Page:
Guide to studying Optometry, Ophthalmics & Orthoptics
Optometry, Ophthalmics & Orthoptics is a branch of medicine that looks after the eyes. See what it’s like to study the area, and if the career is for you.
- What jobs can you do with an Optometry, Ophthalmics & Orthoptics degree?
Optometry, Ophthalmics & Orthoptics deal with the anatomy, physiology and diseases that affect the eyes, including performing operations on them. Several disorders can affect the eyes only, such as blindness, cataracts and glaucoma.
Professional roles include:
- Optometrist, who examines eyes and looks for defects in vision
- Ophthalmologist, who specialises in disease and injury and often performs
- Orthoptist, who looks at how the eye works with the brain to create vision
Courses similar to Optometry, Ophthalmics & Orthoptics include:
- Ophthalmic dispensing
This course is not just for those who would like to become an optician. It opens up a variety of job roles that focus on looking after eyes and vision. You’ll be able to help many people improve their quality of life by spotting and treating eye disorders – potentially even serious neurological problems.
Optometry, Ophthalmics & Orthoptics courses help you develop a particular set of skills as well as transferable ones such as:
- Working with both adults and children
- Attention to detail
Courses mix theoretical learning, practical teaching and work placements. During Covid-19, courses have to adapt to reduce the risk of spreading the virus. This just means the way they are delivered is slightly different. For instance, teaching groups may be smaller, and there may be more remote learning.
The NHS Learning Support Fund is currently offering £5,000 per year to support degree students in England and Wales (with an additional £1,000 for Orthoptics, as there’s a shortage of specialists in this area).
Read our five reasons to study Optometry, Ophthalmics & Orthoptics for more information on why you might choose this subject area.
You'll usually need at least two A Levels in mathematics, biology, chemistry or physics. You’ll also need five GCSEs in grades C and above, including in English, maths and science.
Other equivalent qualifications include relevant BTEC, HND, HNC, NVQ, Highers and Access courses.
Grade requirements depend on the university. Always confirm the entry requirements for the particular university and course you are interested in.
Tips for applying
Work experience will really help your application. If you can, spend time with a professional in your chosen area to get a good understanding of what they do. You could also volunteer or work with a local organisation, for example:
- Orthoptic department
- Health clinic
Courses usually involve practical placements where you work with members of the public. For public protection and safety, you’ll have to complete a DBS disclosure check (for criminal records).
- BSc Ophthalmic Dispensing
- BSc Orthoptics
- BSc Professional Practice
- BSc Health and Veterinary Studies (Orthoptics)
You could pursue a degree apprenticeship, where you work and earn while qualifying. You have to apply through an employer, and you won’t have access to student grants.
Courses are assessed in various ways, such as coursework, presentations, written exams and practical tests.
Examples of taught MAs and research degrees at postgraduate level include straight MAs in Ophthalmics, as well as master's courses in Clinical Ophthalmology, Vision Research, Diabetes and the Eye, Glaucoma Studies, and Vision and Strabismus.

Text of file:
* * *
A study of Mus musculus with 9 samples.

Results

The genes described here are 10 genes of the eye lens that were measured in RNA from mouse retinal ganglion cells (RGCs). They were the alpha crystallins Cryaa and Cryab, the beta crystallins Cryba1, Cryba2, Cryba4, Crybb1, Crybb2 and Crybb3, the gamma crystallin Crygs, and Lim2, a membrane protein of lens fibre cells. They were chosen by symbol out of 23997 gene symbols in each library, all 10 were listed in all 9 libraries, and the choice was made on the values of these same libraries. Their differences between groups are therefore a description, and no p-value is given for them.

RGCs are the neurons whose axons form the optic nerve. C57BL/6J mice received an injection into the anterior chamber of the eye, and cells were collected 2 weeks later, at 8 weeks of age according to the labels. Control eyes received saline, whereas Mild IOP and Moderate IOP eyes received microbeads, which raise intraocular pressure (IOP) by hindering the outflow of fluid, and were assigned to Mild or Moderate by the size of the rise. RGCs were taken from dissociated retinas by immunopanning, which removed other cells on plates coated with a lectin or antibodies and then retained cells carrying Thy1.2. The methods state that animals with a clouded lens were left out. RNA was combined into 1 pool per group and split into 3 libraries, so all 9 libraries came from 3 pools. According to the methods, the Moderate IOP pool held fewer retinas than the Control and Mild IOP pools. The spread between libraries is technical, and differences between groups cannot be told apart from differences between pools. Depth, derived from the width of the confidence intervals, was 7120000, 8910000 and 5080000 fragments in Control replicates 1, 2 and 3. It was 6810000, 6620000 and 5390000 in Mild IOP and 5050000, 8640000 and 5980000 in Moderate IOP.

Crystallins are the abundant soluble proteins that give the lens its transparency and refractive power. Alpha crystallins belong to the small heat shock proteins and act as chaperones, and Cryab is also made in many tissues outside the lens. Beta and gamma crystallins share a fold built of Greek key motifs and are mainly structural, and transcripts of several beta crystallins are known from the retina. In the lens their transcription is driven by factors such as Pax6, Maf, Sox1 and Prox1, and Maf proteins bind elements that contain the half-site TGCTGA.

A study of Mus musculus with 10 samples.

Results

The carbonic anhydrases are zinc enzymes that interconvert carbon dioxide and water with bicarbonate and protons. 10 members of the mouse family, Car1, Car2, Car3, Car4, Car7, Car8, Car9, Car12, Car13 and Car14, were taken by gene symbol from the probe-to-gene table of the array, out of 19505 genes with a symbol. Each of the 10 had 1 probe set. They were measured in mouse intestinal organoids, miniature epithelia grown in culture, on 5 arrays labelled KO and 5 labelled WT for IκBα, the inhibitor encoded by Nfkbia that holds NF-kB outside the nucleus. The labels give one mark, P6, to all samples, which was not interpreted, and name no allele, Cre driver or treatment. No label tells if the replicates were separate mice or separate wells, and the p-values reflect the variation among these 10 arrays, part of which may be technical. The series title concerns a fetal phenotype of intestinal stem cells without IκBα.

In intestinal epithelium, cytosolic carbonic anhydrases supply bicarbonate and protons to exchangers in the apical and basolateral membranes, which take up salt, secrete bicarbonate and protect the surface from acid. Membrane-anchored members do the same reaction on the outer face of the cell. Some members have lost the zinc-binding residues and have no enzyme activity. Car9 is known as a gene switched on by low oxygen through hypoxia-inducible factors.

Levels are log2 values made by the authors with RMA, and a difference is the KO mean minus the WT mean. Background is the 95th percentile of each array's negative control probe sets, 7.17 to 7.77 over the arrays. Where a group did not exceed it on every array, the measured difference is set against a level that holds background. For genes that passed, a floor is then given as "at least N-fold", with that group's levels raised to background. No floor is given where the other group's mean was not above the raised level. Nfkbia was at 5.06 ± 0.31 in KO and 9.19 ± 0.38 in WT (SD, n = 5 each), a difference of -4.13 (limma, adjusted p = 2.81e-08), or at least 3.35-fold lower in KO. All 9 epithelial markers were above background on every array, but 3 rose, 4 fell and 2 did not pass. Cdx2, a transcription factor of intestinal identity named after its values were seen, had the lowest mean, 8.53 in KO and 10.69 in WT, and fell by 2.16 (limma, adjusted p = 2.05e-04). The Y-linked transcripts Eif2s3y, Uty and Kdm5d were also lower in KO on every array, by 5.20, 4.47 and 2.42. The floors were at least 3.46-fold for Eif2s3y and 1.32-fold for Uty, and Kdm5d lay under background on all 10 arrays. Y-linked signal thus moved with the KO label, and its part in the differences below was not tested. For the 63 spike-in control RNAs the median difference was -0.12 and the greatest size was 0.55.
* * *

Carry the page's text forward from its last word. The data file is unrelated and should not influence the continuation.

As well as optometrist, ophthalmologist and orthoptist, job roles include:
- GP or hospital doctor
You could specialise in a certain area, such as:
- Sports vision
- Specific conditions, such as diabetes or glaucoma
- Contact lenses
Numerous companies offer graduate schemes, including the Royal College of Ophthalmologists.
With experience, you could progress into a more senior role, manage a team or become a consultant. Many choose to move into teaching or research, or even set up a private practice.
You’ll usually need an approved qualification in the subject area – at either degree level or through a degree apprenticeship.
You have to register with the Health and Care Professions Council (HCPC) before practising professionally.
You may also have to complete a pre-registration work placement with a registered professional in your area. Additionally, you may have to pass the General Optical Council (GOC) final assessment to qualify.
What’s it like to be an optometrist, ophthalmologist or orthoptist?
Depending on your role, your daily tasks could include:
- Diagnosing issues of and around the eye
- Using specialist equipment to test vision
- Prescribing and fitting glasses or contact lenses
- Treating issues such as diseases
- Giving practical advice
- Referring clients to specialists
- Carrying out surgical procedures
Your work could be based in the NHS or a private hospital, clinics, or community environments. You’ll work alongside other healthcare professionals in similar fields, such as vision scientists.
Once qualified, you’ll have regular Continuing Professional Development (CPD) meetings, where you discuss future career goals. You can become a member of organisations such as the British and Irish Orthoptic Society, which support your career development.
A working week is typically 37.5 hours, and you may have to work evenings and weekends. Salaries are on the Agenda for Change system (the NHS staff grading and pay scale), usually on band 5. With the NHS, you’ll have access to generous pension schemes, holiday allowances and health service discounts.
Is a role as an optometrist, ophthalmologist or orthoptist right for you?
It can be a challenging area, especially if you’re performing advanced medical surgery on people’s eyes. Despite this, it can be a gratifying profession to be in. You’re able to make a big difference to people’s eyes, vision and lives.